Digital has a natural sound. It’s the sound of paper mache.
- 93 posts total
- 93 posts total
Yes I am a dealer and have sold, heard all the speakers mentioned in this post.
What I have learned over the years is that it is important to obtain a speaker that does not interact with the room as most box speakers inherently do - due to the laws of physics.
Yes electrostatic speakers that are dipole in nature will have less interaction with the room however I have found that the transformer which is used to charge the panel does interplay on top of the actual signal that is going to be reproduced as music.This is not ideal when you are looking for the proverbial straight wire with gain or ultimate in transparency.
Speakers on the other hand that contain crossovers have a whole host of other problems including the loss of transparency phase issues etc. in comparison to speakers that do not possess or crossover at all.
After approximately 30 years of my quest for the ultimate speaker that produces the highest level of transparency which does not contain any crossover components on the main panel and is mated to open baffle servodriven subwoofers with an onboard computer inside the servo plate amp -this quest has ended with the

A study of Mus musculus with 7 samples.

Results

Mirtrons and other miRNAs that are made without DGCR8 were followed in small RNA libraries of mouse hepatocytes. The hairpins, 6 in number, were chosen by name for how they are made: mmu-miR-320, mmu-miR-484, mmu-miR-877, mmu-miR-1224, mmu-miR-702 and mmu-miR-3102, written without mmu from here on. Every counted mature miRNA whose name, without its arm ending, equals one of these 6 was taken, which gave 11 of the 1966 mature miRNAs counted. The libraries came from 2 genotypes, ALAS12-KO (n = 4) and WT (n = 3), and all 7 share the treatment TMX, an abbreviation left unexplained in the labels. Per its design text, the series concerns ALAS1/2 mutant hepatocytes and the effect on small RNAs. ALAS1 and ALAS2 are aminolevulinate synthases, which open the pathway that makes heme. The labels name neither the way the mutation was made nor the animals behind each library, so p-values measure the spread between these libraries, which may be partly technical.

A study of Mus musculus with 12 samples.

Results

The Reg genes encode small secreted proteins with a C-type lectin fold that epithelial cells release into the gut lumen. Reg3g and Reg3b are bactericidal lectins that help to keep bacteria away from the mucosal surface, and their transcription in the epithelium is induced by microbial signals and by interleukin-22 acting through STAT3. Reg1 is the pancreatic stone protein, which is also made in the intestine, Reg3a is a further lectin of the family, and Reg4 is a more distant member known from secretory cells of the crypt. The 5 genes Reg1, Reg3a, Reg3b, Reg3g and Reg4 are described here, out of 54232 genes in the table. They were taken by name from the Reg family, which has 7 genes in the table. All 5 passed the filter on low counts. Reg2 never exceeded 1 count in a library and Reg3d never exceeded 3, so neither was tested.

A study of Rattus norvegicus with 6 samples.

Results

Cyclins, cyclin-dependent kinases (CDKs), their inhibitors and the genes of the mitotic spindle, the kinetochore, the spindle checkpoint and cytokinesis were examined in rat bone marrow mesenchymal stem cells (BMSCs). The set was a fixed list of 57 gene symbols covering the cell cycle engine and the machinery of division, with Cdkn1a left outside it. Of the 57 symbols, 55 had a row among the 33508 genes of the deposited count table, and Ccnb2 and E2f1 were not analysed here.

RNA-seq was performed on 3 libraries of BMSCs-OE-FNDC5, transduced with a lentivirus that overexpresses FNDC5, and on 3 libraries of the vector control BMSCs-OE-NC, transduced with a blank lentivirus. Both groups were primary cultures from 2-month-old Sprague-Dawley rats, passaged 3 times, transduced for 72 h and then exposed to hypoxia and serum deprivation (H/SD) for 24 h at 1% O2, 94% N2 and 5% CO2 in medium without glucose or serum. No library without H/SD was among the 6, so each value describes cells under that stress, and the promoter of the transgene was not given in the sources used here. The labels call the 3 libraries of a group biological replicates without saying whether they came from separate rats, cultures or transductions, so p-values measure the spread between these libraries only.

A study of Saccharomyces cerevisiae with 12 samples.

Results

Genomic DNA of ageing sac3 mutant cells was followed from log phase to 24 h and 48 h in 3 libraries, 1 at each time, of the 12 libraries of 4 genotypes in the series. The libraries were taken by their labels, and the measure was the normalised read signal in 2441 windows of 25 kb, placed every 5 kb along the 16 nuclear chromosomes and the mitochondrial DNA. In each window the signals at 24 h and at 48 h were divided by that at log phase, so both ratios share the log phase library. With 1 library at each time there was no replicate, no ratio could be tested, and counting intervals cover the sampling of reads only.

GT Audio Works planar magnetic speakers
Along with the SI Open baffle servodriven sub woofers.
The technology in these speakers is just to comprehensive to list on this blog and I would encourage you to contact either Steve at Sound insight or Greg Takesh over at GT audio works for a comprehensive and detailed description of this technology.
Most importantly let your ears be the judge we encourage auditions please contact Steve at sound insight- his information can be found at the Facebook page by googling sound insight high-end audio.
The only speaker that can come even close to the sound of a "natural" instrument is going to be a speaker that plays back electric guitar or other instrument that uses such speaker for its amplication and tonality. As soon as ANY instrument or voice hits the diaphragm of a microphone, compression function is invoked and this is the fundamental reason no speaker (another compression function) will ever sound like a natural instrument or voice. It is why we can tell if the music from way over there is live or recorded playback. Loss of timbre, frequency and dynamics can never trick our ears into believing otherwise. The key is to find speakers and other components that do the least amount of damage. And, having said that, there's nothing we can do about the recording and mastering brought to bear on the original performance. We must always suspend our disbelief if we want to enjoy recorded music played back on an audio system.